Last week, in the Morasha district of downtown Jerusalem, a group of Canadians attended the dedication of a newly renovated community centre that will be a hub for social, educational and cultural services for all of the residents in the area.
The centre has been called Canada House by the Jerusalem Foundation, the non-profit agency started by the late former mayor of the city, Teddy Kollek, that spearheaded the project. The name attests to the fact that Canadian philanthropists have been the catalysts for the project and instrumental in providing its funding. (Please see the story on page 3)
It is fitting that the dedication of the new centre occurred merely days prior to Yom Yerushalayim (Jerusalem Day), the day set aside to commemorate and celebrate the reunification of east and west Jerusalem, the Old City with the new city, on the 28th day of Iyar, June 7, 1967.
The Jordanian army had expelled the Jewish community from the Old City 19 years earlier, during Israel’s War of Independence, and brutishly tried to destroy all vestiges of Jewish life and history there. Synagogues were destroyed; burial places were desecrated. Disfiguring barbed wire fences cut the city into its two parts. Large, ugly cement slabs blocked any movement between the areas.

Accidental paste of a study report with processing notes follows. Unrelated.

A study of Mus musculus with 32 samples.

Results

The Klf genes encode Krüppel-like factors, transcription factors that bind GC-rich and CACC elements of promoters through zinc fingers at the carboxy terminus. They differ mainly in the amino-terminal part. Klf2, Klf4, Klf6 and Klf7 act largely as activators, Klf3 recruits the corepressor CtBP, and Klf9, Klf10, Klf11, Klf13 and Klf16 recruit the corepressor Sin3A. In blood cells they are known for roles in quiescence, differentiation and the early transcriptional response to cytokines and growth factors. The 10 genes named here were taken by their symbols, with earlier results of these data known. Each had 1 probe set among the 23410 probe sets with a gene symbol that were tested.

The barbed wire was taken down and the cement blocks were removed 46 years ago. The city was physically, geographically and municipally reunited. Since then, its modernization and beautification have continued unabated.
As poets, songwriters and travel writers have noted, Jerusalem is a golden city of unique, arresting beauty.
Its diverse peoples fill the streets with the sounds of movement, commerce, music, laughter, learning, discourse, argument and shouting.
But despite the city’s sheer physical beauty, it aches and throbs with intra-communal tensions – Jew against Jew – and inter-societal tensions – Jew against Arab.
The city is not yet fully at peace, although that is our dream and our hope.
And that is partially why the Canada House project is so worthy of our commendation. It will become a meeting place where Jews and Arabs, haredi and non-haredi Jews, will come together to advance and improve their own respective lives. In the process they will meet each other. They will talk to each other. They may even befriend each other.
The millennial dream of the Jewish return to Zion has been fulfilled.
The millennial aspiration of Zion’s restoration, however, is still unfinished. In truth, in a real and symbolic way, it must always be thus if we are to allow each generation through eternity to add its measure of love and devotion to that wondrous place.
Despite the ongoing task that remains, on the 46th celebration of Yom Yerushalayim, we shall take the prophet’s words to heart and celebrate. “Rejoice with Jerusalem, and be glad for her all you who love her.”